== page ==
A Chinese court has sentenced the scientist behind the world’s first gene-edited babies, He Jiankui, to three years in prison, saying that the researcher’s team “crossed the bottom line of ethics.” Alongside his prison sentence, The Guardian reports that He was also fined 3 million yuan (around $430,000).
He Jiankui was sentenced alongside two colleagues. Zhang Renli was fined 1 million yuan (around $143,000) and sentenced to two years in prison, while Qin Jinzhou was fined 500,000 yuan (around $71,000) and sentenced to 18-months in prison, with a two-year reprieve.
“The three accused did not have the proper certification to practice medicine, and in seeking fame and wealth, deliberately violated national regulations in scientific research and medical treatment,” the court said in comments that were reported by state news agency Xinhua.
He Jiankui claimed to have helped make the world’s first genetically edited babies — twin girls Lula and Nana — back in November 2018 using the gene-editing tool CRISPR/Cas9. This kind of work is banned in the US and other countries due to the ethical concerns of manipulating human embryos, as well as the risk the work poses to other genes, where it can create unintended side-effects that could be passed on to future generations. The scientific community was fiercely critical of the work, and He was subsequently fired from his university position at the Southern University of Science and Technology in Shenzhen.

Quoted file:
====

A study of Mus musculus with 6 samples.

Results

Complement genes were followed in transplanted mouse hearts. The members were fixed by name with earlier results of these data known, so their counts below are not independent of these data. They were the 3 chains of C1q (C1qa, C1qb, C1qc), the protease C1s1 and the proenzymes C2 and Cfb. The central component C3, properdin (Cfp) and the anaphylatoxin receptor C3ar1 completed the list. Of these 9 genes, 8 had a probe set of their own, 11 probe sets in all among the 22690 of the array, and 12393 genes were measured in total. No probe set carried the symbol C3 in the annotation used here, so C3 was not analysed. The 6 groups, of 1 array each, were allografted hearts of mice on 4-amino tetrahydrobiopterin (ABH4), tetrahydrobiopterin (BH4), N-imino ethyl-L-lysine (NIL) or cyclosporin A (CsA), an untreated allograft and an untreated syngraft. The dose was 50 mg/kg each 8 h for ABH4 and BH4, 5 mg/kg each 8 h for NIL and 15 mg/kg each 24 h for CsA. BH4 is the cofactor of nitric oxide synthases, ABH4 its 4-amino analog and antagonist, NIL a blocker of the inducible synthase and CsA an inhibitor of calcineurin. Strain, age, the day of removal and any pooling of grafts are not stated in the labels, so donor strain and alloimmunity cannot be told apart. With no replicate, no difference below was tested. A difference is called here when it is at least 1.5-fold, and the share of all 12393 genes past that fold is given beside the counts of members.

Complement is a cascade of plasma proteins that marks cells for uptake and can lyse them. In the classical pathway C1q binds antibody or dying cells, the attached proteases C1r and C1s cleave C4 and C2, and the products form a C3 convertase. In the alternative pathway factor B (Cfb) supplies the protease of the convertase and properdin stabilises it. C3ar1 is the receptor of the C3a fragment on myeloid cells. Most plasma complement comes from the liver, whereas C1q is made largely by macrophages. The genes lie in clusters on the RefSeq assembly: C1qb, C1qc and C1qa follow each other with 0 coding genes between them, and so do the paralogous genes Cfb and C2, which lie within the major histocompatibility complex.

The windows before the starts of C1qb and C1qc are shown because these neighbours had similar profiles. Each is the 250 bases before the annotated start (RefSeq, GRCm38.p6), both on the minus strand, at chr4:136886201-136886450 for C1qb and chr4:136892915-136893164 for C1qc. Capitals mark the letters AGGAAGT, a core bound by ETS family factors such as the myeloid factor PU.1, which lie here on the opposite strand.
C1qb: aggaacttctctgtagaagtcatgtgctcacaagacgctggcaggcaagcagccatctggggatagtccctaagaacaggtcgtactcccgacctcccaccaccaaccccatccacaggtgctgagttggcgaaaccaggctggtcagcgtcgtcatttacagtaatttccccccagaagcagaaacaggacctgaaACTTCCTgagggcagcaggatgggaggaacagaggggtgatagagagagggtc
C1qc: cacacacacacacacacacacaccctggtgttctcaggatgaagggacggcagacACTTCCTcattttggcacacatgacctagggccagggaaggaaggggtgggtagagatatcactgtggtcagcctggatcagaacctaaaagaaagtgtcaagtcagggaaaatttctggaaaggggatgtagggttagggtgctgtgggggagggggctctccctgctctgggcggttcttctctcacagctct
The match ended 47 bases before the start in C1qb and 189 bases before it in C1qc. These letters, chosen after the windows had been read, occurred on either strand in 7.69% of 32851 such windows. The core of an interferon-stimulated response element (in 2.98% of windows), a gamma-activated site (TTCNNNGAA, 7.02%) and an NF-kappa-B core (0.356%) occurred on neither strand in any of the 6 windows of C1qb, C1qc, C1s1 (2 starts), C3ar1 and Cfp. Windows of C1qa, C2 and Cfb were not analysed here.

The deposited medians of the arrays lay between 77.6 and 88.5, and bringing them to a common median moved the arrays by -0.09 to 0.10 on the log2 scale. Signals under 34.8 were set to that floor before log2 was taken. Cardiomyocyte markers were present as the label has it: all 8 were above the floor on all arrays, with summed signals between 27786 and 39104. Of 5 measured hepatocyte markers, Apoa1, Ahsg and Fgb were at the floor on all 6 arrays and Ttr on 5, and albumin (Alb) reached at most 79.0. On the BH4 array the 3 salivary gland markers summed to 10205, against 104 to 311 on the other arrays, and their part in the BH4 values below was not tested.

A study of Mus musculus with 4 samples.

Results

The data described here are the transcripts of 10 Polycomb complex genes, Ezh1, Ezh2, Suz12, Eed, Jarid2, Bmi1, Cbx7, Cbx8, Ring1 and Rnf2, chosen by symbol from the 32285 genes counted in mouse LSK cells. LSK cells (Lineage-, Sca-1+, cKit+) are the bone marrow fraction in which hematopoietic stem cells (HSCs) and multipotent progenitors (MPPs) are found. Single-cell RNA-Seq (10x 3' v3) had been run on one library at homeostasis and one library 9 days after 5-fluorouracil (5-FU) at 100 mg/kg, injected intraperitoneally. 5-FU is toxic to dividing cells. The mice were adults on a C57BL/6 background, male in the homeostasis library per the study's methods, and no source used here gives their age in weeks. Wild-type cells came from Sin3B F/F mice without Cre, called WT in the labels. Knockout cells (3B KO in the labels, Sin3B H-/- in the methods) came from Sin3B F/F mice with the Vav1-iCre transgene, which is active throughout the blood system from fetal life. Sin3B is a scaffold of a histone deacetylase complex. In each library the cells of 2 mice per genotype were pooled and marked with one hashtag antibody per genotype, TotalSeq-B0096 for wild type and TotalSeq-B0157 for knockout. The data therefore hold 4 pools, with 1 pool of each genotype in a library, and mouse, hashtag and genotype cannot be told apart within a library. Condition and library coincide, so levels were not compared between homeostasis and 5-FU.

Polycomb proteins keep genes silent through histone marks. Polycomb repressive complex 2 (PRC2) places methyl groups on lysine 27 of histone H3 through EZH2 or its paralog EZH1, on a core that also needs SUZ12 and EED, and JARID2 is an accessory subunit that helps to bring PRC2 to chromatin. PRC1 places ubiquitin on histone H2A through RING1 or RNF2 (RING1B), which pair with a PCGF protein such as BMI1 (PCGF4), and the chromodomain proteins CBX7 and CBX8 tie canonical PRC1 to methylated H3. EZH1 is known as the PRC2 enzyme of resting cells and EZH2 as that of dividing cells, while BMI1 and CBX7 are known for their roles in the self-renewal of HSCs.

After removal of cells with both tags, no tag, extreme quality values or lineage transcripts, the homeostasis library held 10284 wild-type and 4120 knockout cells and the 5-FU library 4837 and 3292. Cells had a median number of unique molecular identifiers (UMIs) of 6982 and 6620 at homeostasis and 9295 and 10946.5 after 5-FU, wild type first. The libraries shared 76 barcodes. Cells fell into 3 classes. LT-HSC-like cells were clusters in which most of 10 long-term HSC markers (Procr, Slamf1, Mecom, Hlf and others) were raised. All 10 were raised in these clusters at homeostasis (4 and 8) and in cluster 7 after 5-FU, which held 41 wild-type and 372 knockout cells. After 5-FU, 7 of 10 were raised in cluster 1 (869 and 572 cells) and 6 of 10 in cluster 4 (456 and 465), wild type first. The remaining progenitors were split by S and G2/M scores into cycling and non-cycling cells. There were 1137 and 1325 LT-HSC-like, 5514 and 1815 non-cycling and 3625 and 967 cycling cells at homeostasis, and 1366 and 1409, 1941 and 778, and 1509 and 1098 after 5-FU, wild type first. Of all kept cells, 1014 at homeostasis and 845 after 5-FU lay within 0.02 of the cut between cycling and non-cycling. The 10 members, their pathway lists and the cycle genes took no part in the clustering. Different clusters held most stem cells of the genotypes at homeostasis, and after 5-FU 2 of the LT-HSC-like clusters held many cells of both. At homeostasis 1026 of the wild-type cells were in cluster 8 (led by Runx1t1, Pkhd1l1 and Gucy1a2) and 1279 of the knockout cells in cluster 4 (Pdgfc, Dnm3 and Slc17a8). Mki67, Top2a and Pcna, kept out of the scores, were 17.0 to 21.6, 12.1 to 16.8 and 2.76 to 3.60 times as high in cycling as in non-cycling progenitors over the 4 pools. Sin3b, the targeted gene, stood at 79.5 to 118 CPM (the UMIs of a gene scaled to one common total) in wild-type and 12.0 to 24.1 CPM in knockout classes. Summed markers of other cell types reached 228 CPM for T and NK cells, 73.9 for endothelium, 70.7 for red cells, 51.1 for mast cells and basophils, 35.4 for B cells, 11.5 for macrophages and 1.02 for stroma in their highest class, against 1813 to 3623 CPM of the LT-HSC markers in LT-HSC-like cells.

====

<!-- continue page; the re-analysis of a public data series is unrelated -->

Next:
Beyond the ethical implications, analysis of He’s work suggests that his efforts may have actually put their health at risk. The experiment aimed to make the babies immune to HIV by altering the CCR5 gene, which is believed to affect resistance to HIV. Although everyone has two copies of each gene (one from each parent), researchers pointed out that He only edited one copy of the gene. One geneticist said there are “all kinds of glitches” with the way the work was carried out, and another said that the babies probably aren’t HIV-resistant as a result.
“The claim they have reproduced the prevalent CCR5 variant is a blatant misrepresentation of the actual data and can only be described by one term: a deliberate falsehood,” Fyodor Urnov, a genome-editing scientist and the University of California, told MIT Technology Review in response to the research.